Written by Erica Scott.
It was always important for me to integrate my daughter into my life because…
- I’ve always been social and I don’t always want to send her away.
- I’m only at peace when she is in the care of a select few.
- I enjoy her company.
- I want her to know what my interests are.
My Unexpected “Plus One”
There was a fashion show I was to attend with my sister and mother. My sitter cancelled last minute. What’s a mom to do? I could have cancelled or… I had a genius idea “Just take my 3-year-old with me! You see A-list celebs front row with their kiddos all the time at fashion shows, so why not”.
So, I made a big deal of it last minute and prepped her for what to expect. I even let her pick out her outfit to wear on the red carpet. And what do you know! I was interviewed during the fashion show, we were mentioned in our local newspaper, and my 3-year-old talks about it months later. Subsequently, I took her to another fashion show and now it’s become “our” thing.
I must admit I feel kind of “A-Lister” when my daughter Amor is in tow, because we are often the only mommy/kid duo (at least in our demographic) attending museum openings, fashion shows, movie premiers etc.
Some things are NOT kid appropriate events or venues. But family is important to me, so I seek out things that will interest both of us and still prioritize separate outings for just my Girls Nights Out, usually planned around when she will already be away.
You’re More Than Just a Parent
I know many moms that isolate rather than integrate their children and themselves after becoming moms. I think it’s important that we be creative in involving our children in our lives so they see us as well-rounded people. Not only as “Parents”. They should know our hobbies, things that make us laugh, and things that spark our interest (outside of them).
It’s not our children’s responsibilities to fulfill us. But we can include them in our fulfillment.
So, my tip for you, integrate don’t isolate.
It’s such a blessing to see something again through your child’s eyes. It’s like seeing it for the first time. Like when Amor walked the red carpet, or when she watched models rip the runway for the first time. Even her learning to appreciate art in galleries or how to use chopsticks.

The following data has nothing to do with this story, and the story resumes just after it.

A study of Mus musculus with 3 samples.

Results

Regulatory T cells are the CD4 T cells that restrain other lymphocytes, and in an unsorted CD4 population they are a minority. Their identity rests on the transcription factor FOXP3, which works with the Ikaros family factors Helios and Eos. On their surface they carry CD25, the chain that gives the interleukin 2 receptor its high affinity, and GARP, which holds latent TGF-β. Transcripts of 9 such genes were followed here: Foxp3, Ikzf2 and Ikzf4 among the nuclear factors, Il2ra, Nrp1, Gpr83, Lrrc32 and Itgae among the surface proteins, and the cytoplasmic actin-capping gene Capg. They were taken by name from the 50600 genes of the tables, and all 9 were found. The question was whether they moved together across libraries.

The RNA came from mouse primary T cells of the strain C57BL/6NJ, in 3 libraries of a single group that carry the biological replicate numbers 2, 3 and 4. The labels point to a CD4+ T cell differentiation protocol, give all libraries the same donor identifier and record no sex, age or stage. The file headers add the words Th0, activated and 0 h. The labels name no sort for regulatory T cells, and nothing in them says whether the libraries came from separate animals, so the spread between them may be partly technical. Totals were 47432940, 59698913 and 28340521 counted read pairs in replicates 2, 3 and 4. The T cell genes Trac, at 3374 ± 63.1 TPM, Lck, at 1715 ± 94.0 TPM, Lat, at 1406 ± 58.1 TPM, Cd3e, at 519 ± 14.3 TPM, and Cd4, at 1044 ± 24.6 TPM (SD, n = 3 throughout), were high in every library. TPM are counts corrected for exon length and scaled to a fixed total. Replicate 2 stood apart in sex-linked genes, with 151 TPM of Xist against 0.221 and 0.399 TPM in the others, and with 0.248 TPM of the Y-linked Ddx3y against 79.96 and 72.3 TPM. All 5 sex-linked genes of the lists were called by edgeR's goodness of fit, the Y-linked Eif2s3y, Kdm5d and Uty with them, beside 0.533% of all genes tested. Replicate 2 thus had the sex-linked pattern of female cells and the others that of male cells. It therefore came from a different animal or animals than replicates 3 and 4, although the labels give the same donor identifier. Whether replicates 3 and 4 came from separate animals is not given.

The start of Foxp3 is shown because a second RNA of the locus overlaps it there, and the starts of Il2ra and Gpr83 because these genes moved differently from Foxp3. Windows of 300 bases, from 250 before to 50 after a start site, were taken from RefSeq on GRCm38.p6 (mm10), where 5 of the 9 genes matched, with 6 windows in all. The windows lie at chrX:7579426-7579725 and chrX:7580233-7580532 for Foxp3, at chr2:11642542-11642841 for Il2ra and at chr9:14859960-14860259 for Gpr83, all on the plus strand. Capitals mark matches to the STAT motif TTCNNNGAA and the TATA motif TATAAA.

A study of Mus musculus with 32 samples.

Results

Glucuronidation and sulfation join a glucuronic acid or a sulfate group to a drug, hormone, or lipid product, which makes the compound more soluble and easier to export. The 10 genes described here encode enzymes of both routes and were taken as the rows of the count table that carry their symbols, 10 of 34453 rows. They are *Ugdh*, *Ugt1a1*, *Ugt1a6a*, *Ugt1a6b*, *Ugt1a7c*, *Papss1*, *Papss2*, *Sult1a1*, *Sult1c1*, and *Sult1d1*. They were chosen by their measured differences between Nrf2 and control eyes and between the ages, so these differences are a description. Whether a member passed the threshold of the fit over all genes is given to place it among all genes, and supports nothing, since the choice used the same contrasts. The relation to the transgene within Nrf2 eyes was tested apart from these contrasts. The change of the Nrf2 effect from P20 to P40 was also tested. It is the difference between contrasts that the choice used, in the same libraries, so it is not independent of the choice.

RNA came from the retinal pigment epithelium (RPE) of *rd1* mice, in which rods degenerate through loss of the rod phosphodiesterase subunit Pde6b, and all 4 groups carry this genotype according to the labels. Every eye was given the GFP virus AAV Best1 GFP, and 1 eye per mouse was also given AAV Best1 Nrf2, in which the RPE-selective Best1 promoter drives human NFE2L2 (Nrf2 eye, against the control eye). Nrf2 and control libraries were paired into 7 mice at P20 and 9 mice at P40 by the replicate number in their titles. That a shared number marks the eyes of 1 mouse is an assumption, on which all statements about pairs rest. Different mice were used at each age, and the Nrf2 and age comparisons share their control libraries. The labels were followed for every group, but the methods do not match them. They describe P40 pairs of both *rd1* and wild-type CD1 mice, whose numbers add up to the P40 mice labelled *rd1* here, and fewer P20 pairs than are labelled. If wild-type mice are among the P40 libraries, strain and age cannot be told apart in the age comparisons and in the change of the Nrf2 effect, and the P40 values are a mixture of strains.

Growing up, I don’t recall hanging out with my mom. I was the second, then middle child by age 11. I remember her role inside the home, but nothing sticks out about going places with her to do things SHE or we both enjoyed. I know she took me to places I liked to go. Chuck E Cheese, Skating, birthday parties etc. but what did she enjoy? I didn’t know her hobbies or interests. As I reflect now I wonder if she had any? I’d have liked to know more about my mother as a person and not only as a parent during my childhood.
I make it a priority to show my daughter even at 3 years old that not only does Momma have a life, but I value her company.
Next time you think about cancelling a commitment due to sitter constraints, take a second to ask yourself, “Can I bring my kid(s) with me”? From there you may just find yourself including them more than excluding them.
The Benefits of Integration
I’ve also found that the more I involve my daughter in family friendly activities the better behaved she is, as she is now accustomed on how to “act” in public and social settings. There are times to be and run free and then there are times to be still and appreciate art.
I think this makes for a very well-rounded individual. As much as we want to hold tight to our littles, we know that as they matriculate through school and life they may become more independent. Exposing them to activities, culture, and interests is a way to give them something to talk about and with more people to talk about them to.
6 Easy Tips for Integrating Your Kids Into Your Lifestyle
A few tips for taking your Tot out on the town
- Ask your child if they are interested in attending – I know my kid well and we have some similar interests (fashion, art, culture, food).
- Review event details/ask coordinators to make sure its “family friendly” – Be courteous, you know your child’s temperament.
- Prep your kid with expectations of the event – Behavior expected, type of event, etc
- Pack tons o’ snacks! – Trust me on this one
- Wear/pack comfy shoes for yourself – You may end up carrying the kid at the end of the night
- Relax! People must sit with screaming babies on a plane all the time. They will get over it if your kid is a bit rowdy.
Has your kid been a plus-one to an unexpected event? How did they do? How did you do?